All sorts of jazz, free jazz and improv. Never for money, always for love.
Almost everyone reading this is familiar with the story. A couple years
ago, Henry Grimes - the bass player who disappeared along with the 1960s
- turned up in Southern California, much to the jazz world's collective
shock. Having once played with everyone from Sonny Rollins and Roy Haynes
to Burton Greene and Albert Ayler, a bemused Grimes inquired "How's Albert?"
Long gone, is the answer, though the late saxophonist's legacy of creativity
and free expressionism remains. On this date, Grimes teams up with two of
the most powerful and resourceful players to emerge from (roughly speaking)
the Ayler continuum: tenor sax/bass clarinet demigod David Murray and percussionist
Hamid Drake. Together the three make some fierce, riveting jazz.
Grimes has played a hell of a lot since his return (and with that weird looking green bass someone donated), and in many of these concerts there is a sense that he's making up for all the lost notes not played during those decades. As good as he often is, that can be somewhat distracting (as it was during some of his Vision Festival performances from 2004). So I'm thankful that this performance - recorded just days after Vision, when Grimes and his mates flew to Finland - is possessed of more restraint and focus. And if Grimes is occasionally a bit too busy or a bit too insistent in his rhythmic emphasis, it's a small flaw in an otherwise rousing performance.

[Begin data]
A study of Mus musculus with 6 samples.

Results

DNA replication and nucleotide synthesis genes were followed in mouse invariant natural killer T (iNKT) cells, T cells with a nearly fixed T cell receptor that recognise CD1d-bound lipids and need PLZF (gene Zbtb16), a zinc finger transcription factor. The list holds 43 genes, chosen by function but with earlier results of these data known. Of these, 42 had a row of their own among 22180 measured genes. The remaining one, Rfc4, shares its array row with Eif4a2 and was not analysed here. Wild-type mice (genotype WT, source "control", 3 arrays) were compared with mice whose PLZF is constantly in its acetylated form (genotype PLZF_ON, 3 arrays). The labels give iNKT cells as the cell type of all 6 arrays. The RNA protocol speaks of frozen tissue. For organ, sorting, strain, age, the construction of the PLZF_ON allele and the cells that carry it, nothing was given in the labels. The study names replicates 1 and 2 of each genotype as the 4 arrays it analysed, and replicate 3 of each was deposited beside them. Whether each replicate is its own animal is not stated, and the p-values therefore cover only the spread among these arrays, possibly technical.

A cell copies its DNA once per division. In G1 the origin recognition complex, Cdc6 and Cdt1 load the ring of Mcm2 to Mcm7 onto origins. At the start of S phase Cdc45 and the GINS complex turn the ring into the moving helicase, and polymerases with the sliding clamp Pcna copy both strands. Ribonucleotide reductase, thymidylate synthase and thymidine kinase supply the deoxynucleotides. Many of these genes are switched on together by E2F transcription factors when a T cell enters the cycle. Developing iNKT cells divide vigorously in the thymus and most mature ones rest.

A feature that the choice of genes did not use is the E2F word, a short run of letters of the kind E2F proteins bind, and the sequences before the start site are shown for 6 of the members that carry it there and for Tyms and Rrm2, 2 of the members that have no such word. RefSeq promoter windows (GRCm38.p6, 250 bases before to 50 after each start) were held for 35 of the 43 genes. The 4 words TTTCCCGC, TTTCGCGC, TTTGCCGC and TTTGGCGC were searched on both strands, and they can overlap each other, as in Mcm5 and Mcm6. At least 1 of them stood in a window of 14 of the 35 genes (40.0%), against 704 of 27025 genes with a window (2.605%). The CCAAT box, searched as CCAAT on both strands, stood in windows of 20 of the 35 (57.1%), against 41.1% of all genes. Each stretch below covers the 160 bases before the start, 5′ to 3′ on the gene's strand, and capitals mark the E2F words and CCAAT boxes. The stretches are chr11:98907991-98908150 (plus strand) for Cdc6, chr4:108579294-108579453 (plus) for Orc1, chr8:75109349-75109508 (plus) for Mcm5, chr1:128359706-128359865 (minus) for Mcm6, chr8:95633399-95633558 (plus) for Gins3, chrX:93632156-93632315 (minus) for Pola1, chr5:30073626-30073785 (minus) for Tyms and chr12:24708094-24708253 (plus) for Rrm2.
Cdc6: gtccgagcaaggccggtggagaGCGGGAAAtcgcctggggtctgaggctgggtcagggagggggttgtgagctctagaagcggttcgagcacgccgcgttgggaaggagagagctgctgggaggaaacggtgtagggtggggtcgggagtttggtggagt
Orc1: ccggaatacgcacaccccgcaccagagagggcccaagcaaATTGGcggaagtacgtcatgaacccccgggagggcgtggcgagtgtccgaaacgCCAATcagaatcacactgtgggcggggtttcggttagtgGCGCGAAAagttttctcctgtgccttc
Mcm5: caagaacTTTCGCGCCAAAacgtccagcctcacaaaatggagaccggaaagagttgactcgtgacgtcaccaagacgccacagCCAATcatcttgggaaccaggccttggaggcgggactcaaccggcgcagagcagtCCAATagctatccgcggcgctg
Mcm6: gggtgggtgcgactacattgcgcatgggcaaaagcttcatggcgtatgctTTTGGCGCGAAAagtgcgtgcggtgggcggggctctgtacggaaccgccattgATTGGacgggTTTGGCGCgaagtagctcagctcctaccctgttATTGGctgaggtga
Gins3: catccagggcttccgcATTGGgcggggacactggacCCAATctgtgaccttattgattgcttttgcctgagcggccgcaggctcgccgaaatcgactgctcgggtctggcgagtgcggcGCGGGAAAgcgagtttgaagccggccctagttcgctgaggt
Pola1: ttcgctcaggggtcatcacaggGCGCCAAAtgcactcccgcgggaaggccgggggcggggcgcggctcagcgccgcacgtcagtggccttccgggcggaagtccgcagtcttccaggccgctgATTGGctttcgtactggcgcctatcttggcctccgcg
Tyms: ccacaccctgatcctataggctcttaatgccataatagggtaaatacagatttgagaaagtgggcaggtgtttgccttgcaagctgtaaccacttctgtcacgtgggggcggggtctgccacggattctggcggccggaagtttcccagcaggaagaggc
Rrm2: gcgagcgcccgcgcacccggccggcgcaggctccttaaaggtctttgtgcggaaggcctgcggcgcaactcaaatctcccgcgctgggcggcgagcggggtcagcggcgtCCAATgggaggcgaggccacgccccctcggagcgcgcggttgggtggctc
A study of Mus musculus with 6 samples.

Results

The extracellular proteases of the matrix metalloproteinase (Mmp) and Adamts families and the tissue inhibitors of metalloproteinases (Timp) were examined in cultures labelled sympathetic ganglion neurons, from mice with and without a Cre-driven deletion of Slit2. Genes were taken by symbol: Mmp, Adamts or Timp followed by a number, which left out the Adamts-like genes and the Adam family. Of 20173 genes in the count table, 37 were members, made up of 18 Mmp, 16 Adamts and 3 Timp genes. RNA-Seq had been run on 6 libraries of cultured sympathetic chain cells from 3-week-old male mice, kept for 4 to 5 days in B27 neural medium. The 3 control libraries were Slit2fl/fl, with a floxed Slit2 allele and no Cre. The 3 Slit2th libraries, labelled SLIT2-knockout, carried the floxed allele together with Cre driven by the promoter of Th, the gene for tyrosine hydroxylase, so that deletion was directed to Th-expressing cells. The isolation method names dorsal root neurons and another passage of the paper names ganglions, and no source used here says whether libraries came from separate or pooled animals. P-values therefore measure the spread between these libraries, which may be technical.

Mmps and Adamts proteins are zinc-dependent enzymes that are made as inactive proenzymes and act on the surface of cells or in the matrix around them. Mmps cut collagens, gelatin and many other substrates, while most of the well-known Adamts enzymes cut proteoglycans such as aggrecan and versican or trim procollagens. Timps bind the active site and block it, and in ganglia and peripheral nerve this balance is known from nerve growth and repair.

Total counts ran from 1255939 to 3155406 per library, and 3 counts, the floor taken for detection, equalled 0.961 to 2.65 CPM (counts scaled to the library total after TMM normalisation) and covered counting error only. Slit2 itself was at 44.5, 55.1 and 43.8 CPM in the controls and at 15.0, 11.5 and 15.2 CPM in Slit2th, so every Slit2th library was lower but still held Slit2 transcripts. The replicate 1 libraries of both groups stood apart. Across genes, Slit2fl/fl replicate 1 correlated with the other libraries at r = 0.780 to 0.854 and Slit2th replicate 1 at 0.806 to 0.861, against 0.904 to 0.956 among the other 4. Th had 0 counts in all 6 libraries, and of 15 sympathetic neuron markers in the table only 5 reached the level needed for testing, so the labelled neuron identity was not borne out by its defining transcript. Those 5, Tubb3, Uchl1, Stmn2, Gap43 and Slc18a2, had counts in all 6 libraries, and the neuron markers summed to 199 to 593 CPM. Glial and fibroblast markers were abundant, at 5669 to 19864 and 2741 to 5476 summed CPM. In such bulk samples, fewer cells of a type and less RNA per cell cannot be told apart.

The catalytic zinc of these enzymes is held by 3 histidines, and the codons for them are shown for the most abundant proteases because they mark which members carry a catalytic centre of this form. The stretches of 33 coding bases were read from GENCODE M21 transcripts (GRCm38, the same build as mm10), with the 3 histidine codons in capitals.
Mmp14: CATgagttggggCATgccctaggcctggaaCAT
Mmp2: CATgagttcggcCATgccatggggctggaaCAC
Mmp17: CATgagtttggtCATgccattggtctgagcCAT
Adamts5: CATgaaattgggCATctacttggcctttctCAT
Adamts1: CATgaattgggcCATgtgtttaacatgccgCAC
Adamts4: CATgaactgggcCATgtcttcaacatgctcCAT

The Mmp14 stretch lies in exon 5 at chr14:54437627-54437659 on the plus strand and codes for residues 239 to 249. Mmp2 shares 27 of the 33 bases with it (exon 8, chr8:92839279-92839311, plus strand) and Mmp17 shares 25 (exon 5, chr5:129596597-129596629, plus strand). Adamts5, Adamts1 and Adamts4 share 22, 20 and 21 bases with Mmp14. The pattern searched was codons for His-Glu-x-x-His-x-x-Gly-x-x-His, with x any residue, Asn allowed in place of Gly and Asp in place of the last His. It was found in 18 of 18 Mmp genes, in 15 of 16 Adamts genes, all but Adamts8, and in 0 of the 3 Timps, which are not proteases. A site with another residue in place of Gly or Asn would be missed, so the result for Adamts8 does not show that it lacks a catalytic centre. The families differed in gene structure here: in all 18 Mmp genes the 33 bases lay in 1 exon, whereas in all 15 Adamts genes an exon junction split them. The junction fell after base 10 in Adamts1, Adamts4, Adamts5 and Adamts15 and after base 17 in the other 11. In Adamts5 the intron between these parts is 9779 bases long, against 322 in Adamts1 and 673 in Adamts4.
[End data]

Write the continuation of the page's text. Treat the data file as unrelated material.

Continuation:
Live at the Kerava Jazz Festival is an hour-long set featuring two 20-minute-plus workouts in addition to two punchy encores (including Murray favorite "Flowers for Albert," which has a new urgency here). It's been a while since I've heard any new Murray, and he sounds fantastic here. He has few, if any, peers in terms of his appropriation of '60s-style saxophone techniques (overblowing, mastery of altissimo playing, etc.) and his integration of this style with older, pre-bop idioms (Chu Berry and Don Byas come to mind). This is a more or less perfect match with Grimes' dancing bass, which swings briskly here and groans hellishly there. And with Drake's unique propulsion lighting a fire beneath the music, and taking some blistering solos, these long improvisations mostly avoid meandering. Aside from all the energy, there are also numerous spots where the trio explores a more ruminative space (as on the excellent attention to color and subtle gesture during "Eighty Degrees," a bass clarinet feature). Not everything clicks completely - the closing number is a blues romp which doesn't quite convince - but overall this one's pretty hot.